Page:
Tuesday, September 08, 2015

Belgrade Walking tour

Our apartment in Belgrade was right next to the city centre - A two minute walk from Republic Square. Republic Square is, pretty much where it all happens. The area around Republic Square is largely pedestrian and dotted with various eateries and watering holes.
Prince Mihailo (Mihailo Obrenovic III) Monument at Republic Square- His hand is allegedly pointing towards Istanbul, as he had expelled the Turks and freed the 7 sates of Serbia in 1862 and 1867

...with the local Pied Piper at is steps.
 I'd have loved to explore the food scene (especially Cevapi - the breakfast staple of the Balkans, I'm told), but didn't want to end up with a dodgy tummy in the first country we landed up in. So off we went to Vapiano - for lunch. We'd decided to take the walking tour of Belgrade after a hearty lunch.  It was much too hot for a walk, even at 4 in the evening. But our Guide- a lovely girl named Milinie assured us she'd take it slow, even for our little 4 year old.  Miline is a born and bred Belgradian and she joked, `I've belonged to four different countries and held four different passports but never moved out of Belgrade` It gives us an indication of the unrest and conflict that prevailed in these parts not so long ago.
There`s plenty to see for the history aficionado - but the fact that you see not one single structure standing along some of the streets that`s older than the 2nd World War, reminds us of the struggle of of the common Belgradian to just survive.  While we think of history as something to be read in dusty textbooks that happened to previous generations, here was a city that is still living it.

Along the walk we heard and visited about the Bohemian quarter of the city- Skadarlija where poets and thinkers gathered over Rakija to write, create and contemplate at Kafanas. Kafanas, Milinie explained to us was an all-encompassing drinking-and-eating-and-drinking joint which served you liquor until you were under the table. And then continued to serve you under the table.

At the home of Đura Jakšić, famous Serbian Poet, Writer and Painter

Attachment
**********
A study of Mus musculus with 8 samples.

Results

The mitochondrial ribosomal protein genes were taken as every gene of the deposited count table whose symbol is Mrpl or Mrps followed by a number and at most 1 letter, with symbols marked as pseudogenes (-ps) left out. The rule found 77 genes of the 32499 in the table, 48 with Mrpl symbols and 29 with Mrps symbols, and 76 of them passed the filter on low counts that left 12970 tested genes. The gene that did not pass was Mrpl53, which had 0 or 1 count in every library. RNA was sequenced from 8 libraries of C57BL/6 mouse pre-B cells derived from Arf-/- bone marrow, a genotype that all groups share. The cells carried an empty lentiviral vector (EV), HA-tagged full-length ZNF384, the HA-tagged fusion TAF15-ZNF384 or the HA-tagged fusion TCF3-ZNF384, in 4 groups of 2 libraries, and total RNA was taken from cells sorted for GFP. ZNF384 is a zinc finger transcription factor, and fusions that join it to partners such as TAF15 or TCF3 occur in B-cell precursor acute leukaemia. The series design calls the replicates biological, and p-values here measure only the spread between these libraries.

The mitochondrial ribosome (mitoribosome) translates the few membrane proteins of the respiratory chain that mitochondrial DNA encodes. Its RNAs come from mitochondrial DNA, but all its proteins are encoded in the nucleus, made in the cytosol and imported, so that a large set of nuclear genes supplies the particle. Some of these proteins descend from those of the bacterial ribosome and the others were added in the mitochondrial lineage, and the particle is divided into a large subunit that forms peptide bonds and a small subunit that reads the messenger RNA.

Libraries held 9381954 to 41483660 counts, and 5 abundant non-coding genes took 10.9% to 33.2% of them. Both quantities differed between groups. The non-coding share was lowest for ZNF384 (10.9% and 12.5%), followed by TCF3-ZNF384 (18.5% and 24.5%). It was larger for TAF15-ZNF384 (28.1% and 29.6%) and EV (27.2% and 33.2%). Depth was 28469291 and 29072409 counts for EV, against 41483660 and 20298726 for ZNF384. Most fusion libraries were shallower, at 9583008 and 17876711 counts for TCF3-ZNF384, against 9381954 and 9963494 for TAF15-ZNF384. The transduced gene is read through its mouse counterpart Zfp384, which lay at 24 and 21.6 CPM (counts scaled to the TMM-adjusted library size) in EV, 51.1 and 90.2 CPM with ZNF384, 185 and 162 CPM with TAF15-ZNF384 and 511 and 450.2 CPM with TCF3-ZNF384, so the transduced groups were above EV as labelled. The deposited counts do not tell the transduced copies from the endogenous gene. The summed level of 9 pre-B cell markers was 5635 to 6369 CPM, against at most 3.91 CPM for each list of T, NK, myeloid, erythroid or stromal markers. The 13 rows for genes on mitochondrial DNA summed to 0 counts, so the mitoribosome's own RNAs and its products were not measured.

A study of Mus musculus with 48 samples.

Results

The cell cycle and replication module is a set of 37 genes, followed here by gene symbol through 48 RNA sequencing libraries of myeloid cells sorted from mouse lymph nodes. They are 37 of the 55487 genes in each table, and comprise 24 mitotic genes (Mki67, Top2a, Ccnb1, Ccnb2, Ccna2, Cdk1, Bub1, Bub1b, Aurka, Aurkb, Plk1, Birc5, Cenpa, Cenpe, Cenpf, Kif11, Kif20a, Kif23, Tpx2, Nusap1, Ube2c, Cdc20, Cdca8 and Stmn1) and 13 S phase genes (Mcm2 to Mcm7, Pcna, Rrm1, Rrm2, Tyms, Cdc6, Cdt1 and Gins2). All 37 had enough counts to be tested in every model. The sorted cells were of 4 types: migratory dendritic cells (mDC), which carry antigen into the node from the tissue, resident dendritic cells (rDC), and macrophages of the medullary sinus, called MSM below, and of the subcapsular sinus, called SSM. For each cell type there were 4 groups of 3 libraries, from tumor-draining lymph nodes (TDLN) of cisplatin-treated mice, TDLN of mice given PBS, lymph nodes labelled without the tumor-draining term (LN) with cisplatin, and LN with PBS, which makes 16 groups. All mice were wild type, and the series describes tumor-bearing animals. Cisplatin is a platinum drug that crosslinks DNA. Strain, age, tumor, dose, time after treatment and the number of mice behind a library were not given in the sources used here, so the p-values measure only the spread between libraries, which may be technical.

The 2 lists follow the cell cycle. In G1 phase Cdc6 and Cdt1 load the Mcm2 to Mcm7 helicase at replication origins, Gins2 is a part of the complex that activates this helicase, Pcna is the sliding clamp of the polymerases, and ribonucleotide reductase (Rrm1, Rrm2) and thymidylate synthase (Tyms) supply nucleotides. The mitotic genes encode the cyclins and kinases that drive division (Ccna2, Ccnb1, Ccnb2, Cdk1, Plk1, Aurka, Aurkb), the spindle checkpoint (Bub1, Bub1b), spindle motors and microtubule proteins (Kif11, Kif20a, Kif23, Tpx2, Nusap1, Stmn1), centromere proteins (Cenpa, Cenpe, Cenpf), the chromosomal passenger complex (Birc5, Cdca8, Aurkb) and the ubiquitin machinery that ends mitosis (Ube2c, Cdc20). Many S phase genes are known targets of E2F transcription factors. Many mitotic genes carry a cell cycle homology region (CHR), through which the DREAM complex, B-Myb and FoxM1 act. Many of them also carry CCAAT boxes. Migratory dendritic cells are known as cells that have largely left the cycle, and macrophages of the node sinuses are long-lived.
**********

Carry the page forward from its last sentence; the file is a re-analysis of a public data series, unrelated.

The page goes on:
And in case you`re wondering what Rakija is, it`s the local brew, manufactured by practically every family in Serbia, from fermented fruit, particularly plum. In fact looking at the abundance of plum trees growing everywhere in the city (even outside our apartment window), I'm not the least bit surprised. And speaking of the foul liquid (believe me, you cannot  have more than 3 sips of this stuff before it burns your throat), Pickwick had his first sip of Rakija, much to my consternation,  from the Baa-Lamb`s cup. Due credit to the little boy for not spitting it right back out in our faces.
Belgrade Fort - we spotted the entrance to Tito's secret bunkers here (they weren't discovered until very recently, and quite by accident)  The Bunkers are currently sealed, but will be opened to the public short, so we were told.

The confluence of the Sava and Danube
As we walked along the streets we were handed out photocopies of banknotes - where we lost count of the Zeros, and technically made each of us billionaires- a stark reminder of the hyperinflation that gripped the country for nearly a decade, and its only now that the economy is slowly limping back to normal.
The Yugo. A car seen only in erstwhile Yugoslav countries. 
What does that do for the average Belgradian? If Milinie is to be believed, it just  means that they live life larger than life, if that makes any sense. They throw themselves passionately into whatever they do, be it supporting the local football club, or getting to work at 7 in the morning or partying til the wee hours of dawn.
Victor, The statue of the naked man. Controversial but a symbol of hope nevertheless
In the evening, we decided to wander around Republic Square and soak in the atmosphere.
musicians playing at Republic Square

The quirky boutique restaurant
We stumbled upon a lovely restaurant called `boutique` where I had one of the most sinful dessert cakes I`ve ever tasted. So, this chewy- gooey cake had: Dark Chocolate, White Chocolate, Coconut, Almonds and a few local flavours thrown in for good measure.The cake was representative of the Serbian spirit - we don`t know what tomorrow brings, so lets make the most of it now.
Sorry. Didn't have the patience to click a snap when it was all there. It was a miracle the snap was clicked at all.
We're headed for Bosnia next. Neighbours who're not on the best of terms (wonder why that sounds oddly familiar). But that's another blog post altogether.